Whoever thought something as arcane as “ESG Investing” would become a rallying cry for the left and right in our increasingly fractured political debate, but here we are.
The investing technique — which was initially a backwater, asset-allocation model to enlighten money managers and corporations about the environment (i.e., reducing their carbon footprint), social issues (helping the communities where they’re located), and governance (more women and minorities on corporate boards) — started innocently enough. After all, who would be against trying to make the world a better place?
That is, until it was hijacked by the radical leftists and some corporate C-suiters looking to gain woke brownie points. Throw in the racial unrest after the 2020 killing of George Floyd and the constant, often-hysterical media coverage of climate change, and the result has been swaths of corporate America adopting some of the most radical interpretations that ESG has to offer.
The examples are endless — and scary. American Express, a credit card company that presumably wants to serve all Americans, once foisted racially divisive “diversity and inclusion” sessions on employees that included the supposed racist roots of capitalism. Gary Gensler, chairman of the Securities and Exchange Commission whose core mission is to protect investors from scams, wants every public company to make costly disclosures about how their operations are impacting climate change even though there really isn’t established science on the subject.
Money managers are acquiescing to the absurd demands of left-wing pols running large pension funds or face losing business. New York City Comptroller Brad Lander, who oversees Gotham’s $200 billion-plus pension system, wants asset-manager BlackRock — which uses ESG in some of its investment models — to “provide a detailed approach to keeping fossil fuels in the ground and phasing out high-emitting assets.” Not just in NYC but everywhere else it manages money. Take a look at a Disney annual report, and you will see a company so obsessed with all kinds of diversity quotas in its executive ranks and programming that it doesn’t seem to have much time to make money for its shareholders.
For a time this type of idiocy could be ignored. The low inflationary bull market made ESG madness somewhat palatable because stocks kept going up while prices for essentials like food and gas remained stable. Then reality set in: the pandemic, massive stimulus spending, and too much money chasing too few goods. The public began to realize that ESG zealotry makes no excuses for opposing political views or the economic impact of war, like the one between Ukraine and Russia, which disrupted oil supplies.
Those essentials became increasingly unaffordable even if you had a job because asset managers faced pressure to divest from energy production. Making the world a better place soon came at the expense of bankrupting America’s middle and working class through a pernicious tax known as inflation.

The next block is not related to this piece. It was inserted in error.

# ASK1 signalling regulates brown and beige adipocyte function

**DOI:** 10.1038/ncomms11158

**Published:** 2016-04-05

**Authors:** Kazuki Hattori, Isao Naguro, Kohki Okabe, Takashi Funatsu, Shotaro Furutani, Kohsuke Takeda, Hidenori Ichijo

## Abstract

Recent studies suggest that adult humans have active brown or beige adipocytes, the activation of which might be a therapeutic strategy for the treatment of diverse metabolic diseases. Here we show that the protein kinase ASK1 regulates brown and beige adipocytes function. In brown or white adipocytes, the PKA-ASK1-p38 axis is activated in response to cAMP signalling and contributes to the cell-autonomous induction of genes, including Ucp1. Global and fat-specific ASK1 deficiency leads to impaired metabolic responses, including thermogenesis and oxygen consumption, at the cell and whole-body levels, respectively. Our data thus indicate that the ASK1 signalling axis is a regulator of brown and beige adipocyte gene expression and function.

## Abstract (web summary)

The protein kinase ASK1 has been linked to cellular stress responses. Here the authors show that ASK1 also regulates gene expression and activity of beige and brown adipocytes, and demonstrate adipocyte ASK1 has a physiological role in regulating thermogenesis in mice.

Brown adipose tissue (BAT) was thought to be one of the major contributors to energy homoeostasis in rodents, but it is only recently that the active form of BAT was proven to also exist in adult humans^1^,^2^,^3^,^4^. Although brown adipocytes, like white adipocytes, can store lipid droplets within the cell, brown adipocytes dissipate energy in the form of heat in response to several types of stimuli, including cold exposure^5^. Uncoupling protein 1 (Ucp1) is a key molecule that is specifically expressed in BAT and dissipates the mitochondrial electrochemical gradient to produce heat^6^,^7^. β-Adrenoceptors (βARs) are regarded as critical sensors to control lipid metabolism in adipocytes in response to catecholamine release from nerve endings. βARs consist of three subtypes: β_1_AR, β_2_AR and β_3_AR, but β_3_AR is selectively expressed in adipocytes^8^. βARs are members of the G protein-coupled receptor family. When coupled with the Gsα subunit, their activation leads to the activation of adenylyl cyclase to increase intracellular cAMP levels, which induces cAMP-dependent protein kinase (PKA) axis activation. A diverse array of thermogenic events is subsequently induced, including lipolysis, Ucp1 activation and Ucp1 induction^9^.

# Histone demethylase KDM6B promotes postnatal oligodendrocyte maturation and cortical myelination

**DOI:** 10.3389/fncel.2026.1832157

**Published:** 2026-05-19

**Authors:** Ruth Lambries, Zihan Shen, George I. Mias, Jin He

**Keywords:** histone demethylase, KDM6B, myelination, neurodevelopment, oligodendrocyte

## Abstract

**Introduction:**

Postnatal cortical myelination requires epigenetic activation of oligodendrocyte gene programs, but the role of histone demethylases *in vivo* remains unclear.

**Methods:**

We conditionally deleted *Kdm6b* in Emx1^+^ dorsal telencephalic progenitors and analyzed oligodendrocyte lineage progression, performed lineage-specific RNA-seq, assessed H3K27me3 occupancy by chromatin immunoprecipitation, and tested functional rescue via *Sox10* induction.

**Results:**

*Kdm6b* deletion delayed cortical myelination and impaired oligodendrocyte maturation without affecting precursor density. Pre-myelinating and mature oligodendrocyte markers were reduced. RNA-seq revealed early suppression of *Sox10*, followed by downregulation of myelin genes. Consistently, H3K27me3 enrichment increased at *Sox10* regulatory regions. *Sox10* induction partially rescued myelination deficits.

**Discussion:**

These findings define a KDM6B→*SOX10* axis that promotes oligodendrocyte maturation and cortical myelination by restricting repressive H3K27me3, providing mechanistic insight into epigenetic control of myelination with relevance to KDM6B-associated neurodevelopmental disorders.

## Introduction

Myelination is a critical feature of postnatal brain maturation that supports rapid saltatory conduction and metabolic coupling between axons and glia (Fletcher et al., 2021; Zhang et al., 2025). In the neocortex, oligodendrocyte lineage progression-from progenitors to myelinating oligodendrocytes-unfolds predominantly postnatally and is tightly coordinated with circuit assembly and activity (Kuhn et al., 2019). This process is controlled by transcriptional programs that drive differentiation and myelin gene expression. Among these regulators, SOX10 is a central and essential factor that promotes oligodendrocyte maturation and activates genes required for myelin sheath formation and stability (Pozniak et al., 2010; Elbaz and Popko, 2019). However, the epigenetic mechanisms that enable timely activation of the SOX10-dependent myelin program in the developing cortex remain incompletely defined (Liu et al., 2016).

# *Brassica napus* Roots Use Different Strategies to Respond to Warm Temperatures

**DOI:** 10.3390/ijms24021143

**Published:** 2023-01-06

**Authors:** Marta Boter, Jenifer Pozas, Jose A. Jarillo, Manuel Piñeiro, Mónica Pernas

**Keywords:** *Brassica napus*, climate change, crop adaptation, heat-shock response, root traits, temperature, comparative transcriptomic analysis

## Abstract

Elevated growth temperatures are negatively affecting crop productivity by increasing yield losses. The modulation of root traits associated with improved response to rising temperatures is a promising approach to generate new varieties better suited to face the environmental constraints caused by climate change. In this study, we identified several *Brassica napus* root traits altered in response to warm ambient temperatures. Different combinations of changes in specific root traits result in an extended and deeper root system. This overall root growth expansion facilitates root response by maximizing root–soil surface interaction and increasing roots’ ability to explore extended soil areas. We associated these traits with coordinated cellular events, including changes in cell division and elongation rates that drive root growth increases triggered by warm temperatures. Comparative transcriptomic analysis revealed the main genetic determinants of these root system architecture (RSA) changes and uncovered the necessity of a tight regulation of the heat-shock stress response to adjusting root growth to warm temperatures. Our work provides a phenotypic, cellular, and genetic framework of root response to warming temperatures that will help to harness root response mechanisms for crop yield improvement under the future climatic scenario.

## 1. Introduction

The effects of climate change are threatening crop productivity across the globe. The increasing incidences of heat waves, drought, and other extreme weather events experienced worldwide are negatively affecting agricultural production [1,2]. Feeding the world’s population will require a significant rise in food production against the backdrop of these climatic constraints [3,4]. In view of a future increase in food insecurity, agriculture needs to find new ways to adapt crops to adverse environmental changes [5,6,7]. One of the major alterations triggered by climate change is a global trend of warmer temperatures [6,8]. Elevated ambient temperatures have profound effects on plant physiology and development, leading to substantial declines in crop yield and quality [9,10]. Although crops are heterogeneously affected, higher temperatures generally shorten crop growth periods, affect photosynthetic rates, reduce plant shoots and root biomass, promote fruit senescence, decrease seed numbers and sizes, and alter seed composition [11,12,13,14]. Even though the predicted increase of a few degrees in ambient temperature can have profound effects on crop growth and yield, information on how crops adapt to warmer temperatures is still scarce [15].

What we have now is the inevitable backlash that always follows such zealotry. Leading that fight is Florida Gov. Ron DeSantis who found political gold in taking on corporate wokeness at Disney after the company’s weird opposition to his law that prohibited teaching sex-ed to toddlers. Disney listened to a vocal, insanely woke minority of its workforce while DeSantis listened to voters who overwhelmingly reelected him as governor.
Last week, he officially stripped one of Florida’s largest employers of its special self-governing status as retribution. And he’s going further; he’s now pulling state money out of BlackRock because it offers ESG investments — even to clients who want it — and has branded the firm the ignominy of being a “woke” corporation.
Other state pols are jumping on the anti-BlackRock bandwagon, which is a shame because the company didn’t invent ESG nor is it pushing it on middle America; it’s merely responding to the demands of some customers.
The bigger point here is that you can’t help but think many elements of the backlash are just as dangerous as those mindlessly pushing the most radical interpretations of ESG. My sources at BlackRock tell me that if the Florida governor wants a portfolio of sin stocks for state pension money, all he has to do is ask. Likewise, they told Lander in New York City that if he doesn’t like oil and gas companies, that’s on him; just don’t force BlackRock to impose those standards when the firm manages other people’s money.
Seems reasonable in an increasingly unreasonable debate. Last week, the US Senate followed the House and voted to outlaw a Department of Labor rule that permits fiduciaries to consider ESG — if they want — in their investment decisions. President Biden will likely veto the measure that passed with a smattering of Dems joining Republicans in the closely divided chamber.
The fact that any Democrats joined the opposition tells you just how much the pendulum is swinging in the opposite direction and maybe dangerously so. Unless I’m reading it wrong, the rule doesn’t stipulate that financial advisers must use ESG in their portfolio recommendation to clients, just that they could consider it.
Again, pretty reasonable. Do the radical ESG opponents really want a world that makes it illegal to direct money away from a company dumping carcinogens into the Hudson River (GE did this until around 1977) if doing so is very profitable?